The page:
Increased Multigenerational ADHD Risk Linked to DES Exposure During Pregnancy

Endocrine-disrupting chemicals, such as DES, have been associated with neurodevelopmental disorders.

An association between diethylstilbestrol (DES) exposure during pregnancy and an increased risk of neurodevelopmental deficits, particularly attention-deficit/hyperactivity disorder (ADHD), across multiple generations was demonstrated in a study in JAMA Pediatrics. This study highlights the risk of exposure to endocrine disruptors during pregnancy, considering the observed association between these chemicals and neurodevelopmental issues in offspring.

The study cohort was first developed in 1989, when female registered nurses between the ages of 25 and 42 years (n=116,686, F1 generation) were administered a mailed questionnaire regarding lifestyle and risk factors, medication use, and major illnesses. Participants were born during a time period when DES was actively being prescribed. A follow-up questionnaire in 1993 asked 2742 participants from the original cohort about exposure to DES via the participants' mothers (F0 generation). Investigators sought to identify the prevalence of ADHD among the exposed participants' live-born children (F2 generation).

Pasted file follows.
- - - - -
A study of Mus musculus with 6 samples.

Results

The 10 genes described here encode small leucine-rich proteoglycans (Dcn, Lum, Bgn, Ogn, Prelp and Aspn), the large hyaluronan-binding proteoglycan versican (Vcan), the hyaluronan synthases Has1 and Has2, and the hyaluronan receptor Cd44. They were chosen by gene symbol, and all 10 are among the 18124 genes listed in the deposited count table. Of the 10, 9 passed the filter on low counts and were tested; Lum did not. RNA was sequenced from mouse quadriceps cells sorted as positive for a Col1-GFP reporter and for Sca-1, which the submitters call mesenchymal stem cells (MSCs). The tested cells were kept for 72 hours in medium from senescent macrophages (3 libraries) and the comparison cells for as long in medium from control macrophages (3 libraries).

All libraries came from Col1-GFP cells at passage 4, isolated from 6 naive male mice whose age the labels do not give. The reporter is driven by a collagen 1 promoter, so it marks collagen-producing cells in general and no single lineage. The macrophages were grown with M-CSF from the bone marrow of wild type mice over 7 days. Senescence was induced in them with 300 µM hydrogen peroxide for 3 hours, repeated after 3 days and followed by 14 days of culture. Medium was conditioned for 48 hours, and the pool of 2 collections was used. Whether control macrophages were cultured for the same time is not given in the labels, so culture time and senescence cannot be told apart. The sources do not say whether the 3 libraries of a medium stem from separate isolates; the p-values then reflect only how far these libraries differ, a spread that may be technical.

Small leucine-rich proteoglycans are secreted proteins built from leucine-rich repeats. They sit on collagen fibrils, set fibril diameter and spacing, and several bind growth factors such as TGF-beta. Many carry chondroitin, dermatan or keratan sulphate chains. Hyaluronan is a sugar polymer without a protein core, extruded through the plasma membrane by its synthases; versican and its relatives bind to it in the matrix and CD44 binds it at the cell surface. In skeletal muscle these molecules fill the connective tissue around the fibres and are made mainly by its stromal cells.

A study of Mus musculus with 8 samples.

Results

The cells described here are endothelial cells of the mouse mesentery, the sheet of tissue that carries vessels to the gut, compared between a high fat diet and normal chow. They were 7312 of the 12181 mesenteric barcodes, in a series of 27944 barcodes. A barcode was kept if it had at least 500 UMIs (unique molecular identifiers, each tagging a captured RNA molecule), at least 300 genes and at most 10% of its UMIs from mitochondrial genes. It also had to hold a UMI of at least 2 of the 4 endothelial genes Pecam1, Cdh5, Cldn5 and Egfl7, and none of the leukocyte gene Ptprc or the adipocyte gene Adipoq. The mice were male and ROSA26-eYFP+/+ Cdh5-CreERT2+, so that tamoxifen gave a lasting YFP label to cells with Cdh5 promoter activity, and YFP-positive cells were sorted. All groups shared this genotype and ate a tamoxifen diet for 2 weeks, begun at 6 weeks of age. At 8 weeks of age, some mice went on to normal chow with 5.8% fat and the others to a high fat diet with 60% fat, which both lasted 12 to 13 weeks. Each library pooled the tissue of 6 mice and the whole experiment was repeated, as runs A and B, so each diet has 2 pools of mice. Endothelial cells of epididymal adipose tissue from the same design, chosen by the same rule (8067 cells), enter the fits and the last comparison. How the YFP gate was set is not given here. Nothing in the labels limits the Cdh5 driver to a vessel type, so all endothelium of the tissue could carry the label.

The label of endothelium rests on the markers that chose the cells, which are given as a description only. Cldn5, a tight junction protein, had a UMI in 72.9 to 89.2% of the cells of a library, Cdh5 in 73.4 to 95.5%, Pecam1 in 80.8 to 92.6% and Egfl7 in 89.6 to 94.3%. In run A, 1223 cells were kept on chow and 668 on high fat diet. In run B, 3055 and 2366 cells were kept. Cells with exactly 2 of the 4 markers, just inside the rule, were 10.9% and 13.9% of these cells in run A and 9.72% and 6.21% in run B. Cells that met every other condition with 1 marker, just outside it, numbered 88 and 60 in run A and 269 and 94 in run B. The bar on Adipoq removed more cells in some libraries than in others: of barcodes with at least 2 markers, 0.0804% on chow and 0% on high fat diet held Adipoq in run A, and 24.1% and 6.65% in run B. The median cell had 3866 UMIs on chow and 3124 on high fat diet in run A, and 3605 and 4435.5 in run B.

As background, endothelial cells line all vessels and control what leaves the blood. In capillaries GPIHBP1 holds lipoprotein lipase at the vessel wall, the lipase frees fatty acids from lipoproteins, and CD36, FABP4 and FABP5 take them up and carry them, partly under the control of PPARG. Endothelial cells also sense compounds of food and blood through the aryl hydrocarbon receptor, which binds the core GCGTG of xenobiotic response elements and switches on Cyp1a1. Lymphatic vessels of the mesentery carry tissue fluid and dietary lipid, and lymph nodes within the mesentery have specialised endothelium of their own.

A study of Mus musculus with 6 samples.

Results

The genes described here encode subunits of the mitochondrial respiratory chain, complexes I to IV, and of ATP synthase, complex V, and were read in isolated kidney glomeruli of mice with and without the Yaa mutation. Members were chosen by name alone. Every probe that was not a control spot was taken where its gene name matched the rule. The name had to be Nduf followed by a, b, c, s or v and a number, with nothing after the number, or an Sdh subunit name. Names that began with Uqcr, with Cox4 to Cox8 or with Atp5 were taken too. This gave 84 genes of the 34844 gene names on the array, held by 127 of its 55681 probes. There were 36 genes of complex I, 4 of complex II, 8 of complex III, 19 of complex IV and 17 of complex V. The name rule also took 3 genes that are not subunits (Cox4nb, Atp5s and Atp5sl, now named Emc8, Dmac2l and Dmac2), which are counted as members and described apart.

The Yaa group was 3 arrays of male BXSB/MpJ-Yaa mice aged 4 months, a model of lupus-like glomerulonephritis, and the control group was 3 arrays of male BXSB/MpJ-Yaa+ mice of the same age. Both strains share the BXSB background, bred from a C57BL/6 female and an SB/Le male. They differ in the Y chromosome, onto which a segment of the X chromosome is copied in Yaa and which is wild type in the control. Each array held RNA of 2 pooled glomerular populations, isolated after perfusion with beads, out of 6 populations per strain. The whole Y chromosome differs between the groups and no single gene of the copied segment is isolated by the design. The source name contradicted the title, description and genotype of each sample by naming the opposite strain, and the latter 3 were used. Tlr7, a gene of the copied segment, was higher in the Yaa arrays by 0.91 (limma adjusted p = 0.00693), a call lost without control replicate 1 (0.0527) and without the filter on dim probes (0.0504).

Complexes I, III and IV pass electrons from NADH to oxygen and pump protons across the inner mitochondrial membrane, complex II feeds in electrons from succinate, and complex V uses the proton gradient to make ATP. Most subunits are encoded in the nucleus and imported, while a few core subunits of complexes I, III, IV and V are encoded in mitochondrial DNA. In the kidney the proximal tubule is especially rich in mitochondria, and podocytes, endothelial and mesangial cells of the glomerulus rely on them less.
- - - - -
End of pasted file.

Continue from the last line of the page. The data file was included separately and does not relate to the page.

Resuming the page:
A total of 861 (1.8%) mothers in the F0 generation had used DES vs 46,679 (98.2%) who did not use this medication. Investigators found a higher rate of ADHD among the F2 generation who had grandmothers who used DES vs those who did not use the synthetic nonsteroidal estrogen (7.7% vs 5.2%, respectively; adjusted odds ratio [aOR], 1.36; 95% CI, 1.10-1.67; P =.004). Additionally, higher rates of ADHD were also observed among third-generation offspring of the F0 generation who took DES during the first trimester of pregnancy with mothers in the F1 generation (OR, 1.63; 95% CI, 1.18-2.25; P =.003).

A limitation of this study is the potential for misclassification of DES as exposure data came from reports of their mothers' previous exposure from participants in the F1 generation regarding.

The study investigators suggest that further research into lower exposure levels of endocrine-disrupting chemicals is warranted, considering that “the levels of a high number of endocrine-disrupting chemicals to which humans are daily exposed are lower than that of the prescribed diethylstilbestrol.”

Reference

Kioumourtzoglou M-A, Coull BA, O'Reilly ÉJ, Ascherio A, Weisskopf MG. Association of exposure to diethylstilbestrol during pregnancy with multigenerational neurodevelopmental deficits. JAMA Pediatr. 2018;172(7):670-677.